The snow leopard is a rare and quickly vanishing animal, which ranks as Category 1 – i.e. critically endangered – on Russia's list of threatened species. The number of snow leopards in Russia is now extremely low, hitting an estimated 150-200 animals in 2002. Today, this number may be down by two-thirds according to researchers, who claim that the decline is mostly a result of poaching. Other factors may include the destruction of the snow leopards’ habitat and other natural corridors by which they formerly maintained vital interspecies contacts. This, combined with dwindling numbers of wild sheep and goats, an ineffective environmental protection system, and, of course, the low environmental awareness of local people, has conspired to place the species in critical danger.
Russia has launched a massive programme to study and monitor the snow leopard population in southern Siberia with the support of the Russian Geographical Society and the chairman of the Society’s board of trustees, Vladimir Putin. Mr Putin has personally overseen the implementation of this and other programmes “to study animals on Russia’s endangered species list and other particularly important species of Russian fauna,” such as the Amur tiger, beluga (white whale), and polar bear. The programmes are being conducted by the Severtsov Institute of Ecology and Evolution at the Russian Academy of Sciences.
The Snow Leopard Programme was launched in 2010 and is scheduled to last five years. The main objective of the programme is to assess the status of the snow leopard population across its entire habitat range in Russia, determine its key reproductive base, and develop a scientific framework to ensure its long-term preservation in southern Siberia. Researchers involved in the effort will also trace the migration patterns of these animals, establish their numerical strength, study their reproductive biology, characteristics of their habitat, their diets, the distribution and population fluctuations of their main prey, and their relations with competing predators. Also, on the basis of the research, strategies will be updated and recommendations developed for the conservation of this endangered species.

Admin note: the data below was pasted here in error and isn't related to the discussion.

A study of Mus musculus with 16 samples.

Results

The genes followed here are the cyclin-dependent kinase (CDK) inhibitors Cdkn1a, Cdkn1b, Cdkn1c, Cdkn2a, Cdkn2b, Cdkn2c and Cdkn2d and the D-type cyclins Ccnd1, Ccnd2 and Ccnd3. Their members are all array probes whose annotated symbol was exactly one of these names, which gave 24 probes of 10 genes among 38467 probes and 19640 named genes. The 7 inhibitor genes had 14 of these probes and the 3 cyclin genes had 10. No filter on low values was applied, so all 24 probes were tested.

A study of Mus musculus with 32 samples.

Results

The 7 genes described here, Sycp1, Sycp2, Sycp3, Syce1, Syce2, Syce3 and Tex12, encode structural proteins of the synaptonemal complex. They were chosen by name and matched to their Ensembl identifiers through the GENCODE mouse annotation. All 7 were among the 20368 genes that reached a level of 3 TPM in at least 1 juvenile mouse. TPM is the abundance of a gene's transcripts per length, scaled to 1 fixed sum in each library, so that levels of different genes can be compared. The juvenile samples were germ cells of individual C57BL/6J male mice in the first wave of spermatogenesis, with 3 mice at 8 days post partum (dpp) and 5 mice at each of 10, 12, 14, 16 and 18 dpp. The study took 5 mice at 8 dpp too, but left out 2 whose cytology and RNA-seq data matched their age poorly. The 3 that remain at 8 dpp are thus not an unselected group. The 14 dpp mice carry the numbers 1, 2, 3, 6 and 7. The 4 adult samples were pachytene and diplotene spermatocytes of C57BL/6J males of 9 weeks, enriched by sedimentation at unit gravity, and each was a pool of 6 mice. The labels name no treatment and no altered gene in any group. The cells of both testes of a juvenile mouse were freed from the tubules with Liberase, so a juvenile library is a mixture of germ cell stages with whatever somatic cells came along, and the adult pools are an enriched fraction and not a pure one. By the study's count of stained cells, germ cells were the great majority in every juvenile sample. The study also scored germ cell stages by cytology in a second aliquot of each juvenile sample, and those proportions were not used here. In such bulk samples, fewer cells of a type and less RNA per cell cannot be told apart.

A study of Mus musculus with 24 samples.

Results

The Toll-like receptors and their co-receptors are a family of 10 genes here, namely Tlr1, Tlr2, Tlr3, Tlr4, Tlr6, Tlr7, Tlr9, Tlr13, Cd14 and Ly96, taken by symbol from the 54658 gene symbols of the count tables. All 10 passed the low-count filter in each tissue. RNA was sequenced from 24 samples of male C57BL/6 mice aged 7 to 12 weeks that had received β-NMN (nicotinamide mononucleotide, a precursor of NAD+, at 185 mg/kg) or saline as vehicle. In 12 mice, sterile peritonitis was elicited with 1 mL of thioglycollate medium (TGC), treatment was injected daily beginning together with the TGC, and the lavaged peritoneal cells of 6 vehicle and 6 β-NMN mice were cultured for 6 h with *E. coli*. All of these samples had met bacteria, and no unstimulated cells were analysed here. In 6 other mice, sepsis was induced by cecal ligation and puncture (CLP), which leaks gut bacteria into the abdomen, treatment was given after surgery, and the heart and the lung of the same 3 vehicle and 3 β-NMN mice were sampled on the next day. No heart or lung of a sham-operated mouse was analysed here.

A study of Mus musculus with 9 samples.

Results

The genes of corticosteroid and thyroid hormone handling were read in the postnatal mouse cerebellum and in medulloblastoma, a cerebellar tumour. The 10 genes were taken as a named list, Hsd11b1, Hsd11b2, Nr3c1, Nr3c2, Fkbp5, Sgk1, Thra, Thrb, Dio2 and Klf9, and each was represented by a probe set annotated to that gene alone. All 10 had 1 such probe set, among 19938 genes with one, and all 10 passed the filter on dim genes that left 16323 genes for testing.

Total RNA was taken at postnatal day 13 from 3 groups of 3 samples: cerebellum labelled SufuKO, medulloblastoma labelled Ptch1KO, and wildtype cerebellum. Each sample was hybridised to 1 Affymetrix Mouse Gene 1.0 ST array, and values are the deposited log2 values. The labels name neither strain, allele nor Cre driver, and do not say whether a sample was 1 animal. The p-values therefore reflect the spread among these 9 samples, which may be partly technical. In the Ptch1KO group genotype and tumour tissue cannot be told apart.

One of the project’s primary tasks is to raise awareness about snow leopard conservation efforts among communities in southern Siberia. Researchers will work with the local media to educate the public about these magnificent creatures.
The Russian Geographical Society’s Khakassia branch, set up in the autumn of 2010, provides assistance to researchers working in the nature preserves Khakassky and Pozarym. It has already provided fifteen camera traps, six snow bikes, two ATVs, and some necessary pieces of equipment and accessories.
Camera traps will be used to count the population of snow leopards and their prey as well as to trace the migratory patterns of both. Over the last six months, researchers have installed more than a hundred camera traps, which are equipped with motion sensors, so they take a picture of any object that crosses their path. These devices can now be found in southwestern Tuva, in the south of the Krasnoyarsk Territory, and in southern Khakassia.
Snow leopards will also be surveyed with the help of satellite tracking collars. These high-tech devices will enable researchers to learn more about the migration of leopards and their relations within home ranges.
The snow leopard programme involves molecular and hormonal non-invasive research, an analysis of the habitat range and the seasonal migration patterns of the leopard population and its prey, and will also attempt to assess the genetic status of families and the health of individual snow leopards.
The researchers involved in the programme are planning to expand the area of their fieldwork so that ultimately it covers the entire habitat range of snow leopards in Russia. They also intend to coordinate their biological research and population count with fellow scientists involved in snow leopard research in neighbouring countries, notably Mongolia, China, and Kazakhstan.